Original larger image (19.9 MB)
Poster-sized PDF image (2.16 MB)
Distance: 6,500 light-years
Image Filters: F502N ([O III]), F631N ([O I]), F673N ([S II])
Credits: NASA, ESA, and J. Hester (Arizona State University)
This Hubble mosaic is one of the largest images ever taken of a supernova remnant by the space telescope. It is also the highest resolution image ever made of the entire Crab Nebula, which is located 6,500 light-years away. The composite was assembled from 24 individual exposures taken with Hubble’s Wide Field Planetary Camera 2 in October 1999, January 2000, and December 2000.
The orange filaments are the tattered remains of the star and consist mostly of hydrogen. The rapidly spinning neutron star embedded in the center of the nebula is the dynamo powering the nebula’s eerie interior bluish glow. The blue light comes from electrons whirling at nearly the speed of light around magnetic field lines from the neutron star, which is the crushed, ultra-dense core of the exploded star.
Like a lighthouse, the neutron star produces twin beams of radiation. From Earth, it appears to pulse 30 times a second due to the neutron star’s rotation sweeping the beams across our line of sight. It has the mass equivalent to the Sun crammed into a rapidly spinning ball of neutrons 12 miles across.
The nebula derived its name from its appearance in an 1844 drawing made by Irish astronomer Lord Rosse, who used a 36-inch telescope. When viewed by Hubble, as well as by large, ground-based telescopes, the Crab Nebula takes on a more detailed appearance that yields clues into the spectacular demise of the star.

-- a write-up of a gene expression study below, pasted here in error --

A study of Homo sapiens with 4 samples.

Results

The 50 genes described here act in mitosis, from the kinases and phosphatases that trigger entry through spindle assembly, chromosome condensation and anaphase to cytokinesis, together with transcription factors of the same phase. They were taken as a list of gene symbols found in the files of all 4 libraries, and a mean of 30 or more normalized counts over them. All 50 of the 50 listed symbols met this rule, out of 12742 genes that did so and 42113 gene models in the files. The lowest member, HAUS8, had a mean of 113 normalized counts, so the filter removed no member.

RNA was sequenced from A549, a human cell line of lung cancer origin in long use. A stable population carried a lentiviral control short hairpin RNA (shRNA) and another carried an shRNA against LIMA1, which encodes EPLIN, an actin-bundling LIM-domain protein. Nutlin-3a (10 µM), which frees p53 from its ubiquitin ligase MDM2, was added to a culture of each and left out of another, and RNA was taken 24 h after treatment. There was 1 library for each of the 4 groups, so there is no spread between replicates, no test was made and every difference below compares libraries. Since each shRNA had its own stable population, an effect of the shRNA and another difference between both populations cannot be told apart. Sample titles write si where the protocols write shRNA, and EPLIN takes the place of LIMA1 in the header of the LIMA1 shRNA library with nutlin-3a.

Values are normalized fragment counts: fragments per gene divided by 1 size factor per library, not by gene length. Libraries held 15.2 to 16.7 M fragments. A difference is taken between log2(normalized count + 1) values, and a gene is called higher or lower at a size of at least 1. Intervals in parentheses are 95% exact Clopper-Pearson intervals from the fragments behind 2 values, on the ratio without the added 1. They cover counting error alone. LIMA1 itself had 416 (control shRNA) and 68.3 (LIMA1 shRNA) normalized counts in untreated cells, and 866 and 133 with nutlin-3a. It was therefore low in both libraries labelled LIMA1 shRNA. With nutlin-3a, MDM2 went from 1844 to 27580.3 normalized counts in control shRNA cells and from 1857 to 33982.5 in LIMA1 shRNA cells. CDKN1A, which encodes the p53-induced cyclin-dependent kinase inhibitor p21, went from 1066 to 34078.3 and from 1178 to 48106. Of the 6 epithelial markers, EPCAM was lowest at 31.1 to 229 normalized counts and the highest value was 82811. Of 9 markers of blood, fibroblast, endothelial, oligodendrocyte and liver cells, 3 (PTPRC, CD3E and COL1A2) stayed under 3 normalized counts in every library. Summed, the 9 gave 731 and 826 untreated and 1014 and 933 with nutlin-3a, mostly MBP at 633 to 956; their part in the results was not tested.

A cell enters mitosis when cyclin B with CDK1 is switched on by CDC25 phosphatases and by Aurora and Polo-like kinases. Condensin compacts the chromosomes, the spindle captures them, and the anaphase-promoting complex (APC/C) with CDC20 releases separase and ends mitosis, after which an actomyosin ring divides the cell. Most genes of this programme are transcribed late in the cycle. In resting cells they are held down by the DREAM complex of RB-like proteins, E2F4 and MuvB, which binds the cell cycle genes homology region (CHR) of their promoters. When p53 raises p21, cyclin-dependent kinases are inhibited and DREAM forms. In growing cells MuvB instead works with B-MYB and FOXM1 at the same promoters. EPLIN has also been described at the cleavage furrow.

In 2002, Emily Schaller and Robert Fesen of Dartmouth College used Hubble to examine the motion and shape of bright knots in the Crab Nebula. They found that the knots lie relatively close to the source of the ionizing radiation, which may lead to higher gas temperatures of the knots than expected. This limits our understanding of the structure of the nebula and what role magnetic fields may play as the material expands outward and eventually combines with other material to form new stars.
In 2010 and 2013, Allison Loll of Arizona State University used Hubble to determine several northwest-southeast (upper right to lower left) asymmetries in the nebula’s filaments, as well as the development of long “fingers” of gas and dust. She attributes these to the sideways motion of the neutron star in the northwest (upper right) direction. Jeff Hester, also at Arizona State University, studied Hubble observations of the Crab Nebula along with data from other observatories to investigate the expansion and magnetic fields of the nebula remnant from the explosion.